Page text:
Facebook 'invisible' sharing worries privacy advocates

New Facebook features could share your information without your knowledge, expert fears.

As Facebook officials unveiled dozens of new applications this week for automatic sharing of profile content, privacy advocates warn that users should worry not only about what is openly shared, but also about what they claim is shared behind-the-scenes to the owners of those applications.

“Our objection is that users generally have no idea how much personal information is being transferred to the application partners and co-hosts,” said Marc Rotenberg, executive director of the Electronic Privacy Information Center. “We are most concerned with the invisible part of the sharing."


Related story:

Facebook Open Graph unleashes auto-sharing


Facebook on Jan. 18 introduced a suite of more than 60 Open Graph applications for Timeline with partners including eBay, TripAdvisor, Zynga, Ticketfly and Ticketmaster. The social media company also invited more partners to develop applications for the site.

The Open Graph applications are being made available through Facebook Timeline, a new profile format that currently is optional for most users, but is expected to be mandatory soon.

Users of Open Graph applications on Facebook will be able to automatically share status updates on what music they are listening to, films they are watching and items they are buying, among other activities. The Open Graph applications are voluntary and are managed with Facebook privacy controls. Nonetheless, concerns are being raised about privacy, mostly about possible inadvertent public sharing or oversharing of information, once the automatic sharing applications are turned on.

The privacy risks of content leaking to third parties applies to all Facebook users, but federal employees and executives need to be particularly watchful of what information they share. Those in sensitive positions, such as in law enforcement or counterterrorism, or with security clearances, face heightened risks.

Initial information available about the Open Graph applications did not specify whether, or how much, user information would be shared with the application providers and how that would be managed. Facebook officials were not immediately available for clarification.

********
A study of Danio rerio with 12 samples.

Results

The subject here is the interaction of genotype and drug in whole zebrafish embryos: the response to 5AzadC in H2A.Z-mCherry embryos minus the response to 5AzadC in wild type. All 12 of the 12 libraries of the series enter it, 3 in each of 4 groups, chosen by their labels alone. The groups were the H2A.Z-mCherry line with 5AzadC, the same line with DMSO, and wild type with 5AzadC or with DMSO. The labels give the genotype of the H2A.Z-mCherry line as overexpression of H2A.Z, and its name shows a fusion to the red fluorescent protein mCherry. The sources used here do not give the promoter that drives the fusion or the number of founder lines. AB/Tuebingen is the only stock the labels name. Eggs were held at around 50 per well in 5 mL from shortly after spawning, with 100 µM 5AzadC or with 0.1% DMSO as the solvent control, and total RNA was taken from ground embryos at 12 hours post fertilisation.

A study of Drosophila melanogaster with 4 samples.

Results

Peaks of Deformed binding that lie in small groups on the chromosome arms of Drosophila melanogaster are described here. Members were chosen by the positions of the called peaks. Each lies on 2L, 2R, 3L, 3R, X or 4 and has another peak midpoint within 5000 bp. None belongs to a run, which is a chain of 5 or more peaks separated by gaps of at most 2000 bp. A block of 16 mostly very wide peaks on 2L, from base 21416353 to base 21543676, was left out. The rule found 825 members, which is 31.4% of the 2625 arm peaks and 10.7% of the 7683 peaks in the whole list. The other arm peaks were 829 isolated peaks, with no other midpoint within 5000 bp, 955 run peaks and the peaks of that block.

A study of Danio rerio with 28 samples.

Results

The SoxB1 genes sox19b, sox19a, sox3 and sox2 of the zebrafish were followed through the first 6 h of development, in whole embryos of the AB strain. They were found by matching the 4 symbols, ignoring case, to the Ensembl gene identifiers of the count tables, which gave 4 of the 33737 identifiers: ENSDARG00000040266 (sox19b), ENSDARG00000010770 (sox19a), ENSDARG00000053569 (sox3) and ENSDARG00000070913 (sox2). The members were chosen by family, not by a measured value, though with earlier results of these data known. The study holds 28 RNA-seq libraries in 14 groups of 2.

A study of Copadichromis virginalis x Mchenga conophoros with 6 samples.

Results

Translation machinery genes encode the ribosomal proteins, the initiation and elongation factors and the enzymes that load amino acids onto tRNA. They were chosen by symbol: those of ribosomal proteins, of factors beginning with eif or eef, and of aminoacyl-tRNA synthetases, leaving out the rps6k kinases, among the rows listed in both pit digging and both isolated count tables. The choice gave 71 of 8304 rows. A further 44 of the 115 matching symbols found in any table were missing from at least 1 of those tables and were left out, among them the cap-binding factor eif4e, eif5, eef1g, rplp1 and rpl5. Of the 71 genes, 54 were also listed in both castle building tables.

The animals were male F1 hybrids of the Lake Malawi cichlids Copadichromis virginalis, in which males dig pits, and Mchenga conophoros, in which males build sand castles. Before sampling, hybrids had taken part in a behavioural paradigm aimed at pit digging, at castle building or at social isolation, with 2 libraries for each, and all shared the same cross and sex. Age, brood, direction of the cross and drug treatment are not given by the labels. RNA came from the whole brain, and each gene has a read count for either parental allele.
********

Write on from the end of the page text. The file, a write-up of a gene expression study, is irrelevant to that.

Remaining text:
Technical experts and privacy advocates are warning of potential privacy risks because of the possibility of Facebook personal profile content being shared with the application providers. This concern applies to current Facebook applications as well.

“Having ‘apps’ connected to your Facebook, LinkedIn or Twitter profiles provides an open door for the third party behind the
app to access your profile and all of your personal data within,” reported SiteProNews in a Jan. 20 article.

The article also quotes Neil Lathwood, technical director for UKFast, a tech company in the United Kingdom, cautioning that personal information leaked to application providers could be fodder for cyber thieves.

“Facebook acts as a narration of our lives and with the introduction of the new Timeline feature, more people are filling the gaps in their profiles, adding illnesses, significant events and employment details to name a few. This information is incredibly valuable to identity thieves and cyber criminals,” Lathwood said in the article.

Officials in Germany also have expressed privacy concerns about Facebook application providers having access to personal information on the site through the use of the “Like” button, according to a HuffingtonPost article.

In August, a regional data protection commissioner ordered the shutdown of Facebook fan pages for state institutions and removal of “Like” buttons from those pages. The commissioner said the Facebook “Like” button policies violated German and European privacy laws.

While the impact of the new Open Graph features isn't yet clear, Facebook Timeline also has posed privacy risks, related to possible oversharing of sensitive personal information. Timeline is a reformatting of Facebook profiles that provides easier and quicker access to previous status updates and friends' lists.

For federal executives and employees, the risks potentially include the sharing of personal information about associations and friendships, especially for workers in sensitive positions. Even seemingly innocent friend connections or application uses could lead to trouble in some cases. For example, federal security clearance forms require the applicant to disclose associations with foreign nationals. Would Facebook friends count among that group, even if they are only distant acquaintances?

"I had a client who lost her security clearance after using an online chat room," wrote attorney Greg Rinckey in a column published in 2009. "She was seeking advice on how to beat a computer game while attending a gaming convention. The gaming experts she chatted with online were foreign intelligence agents working out of China."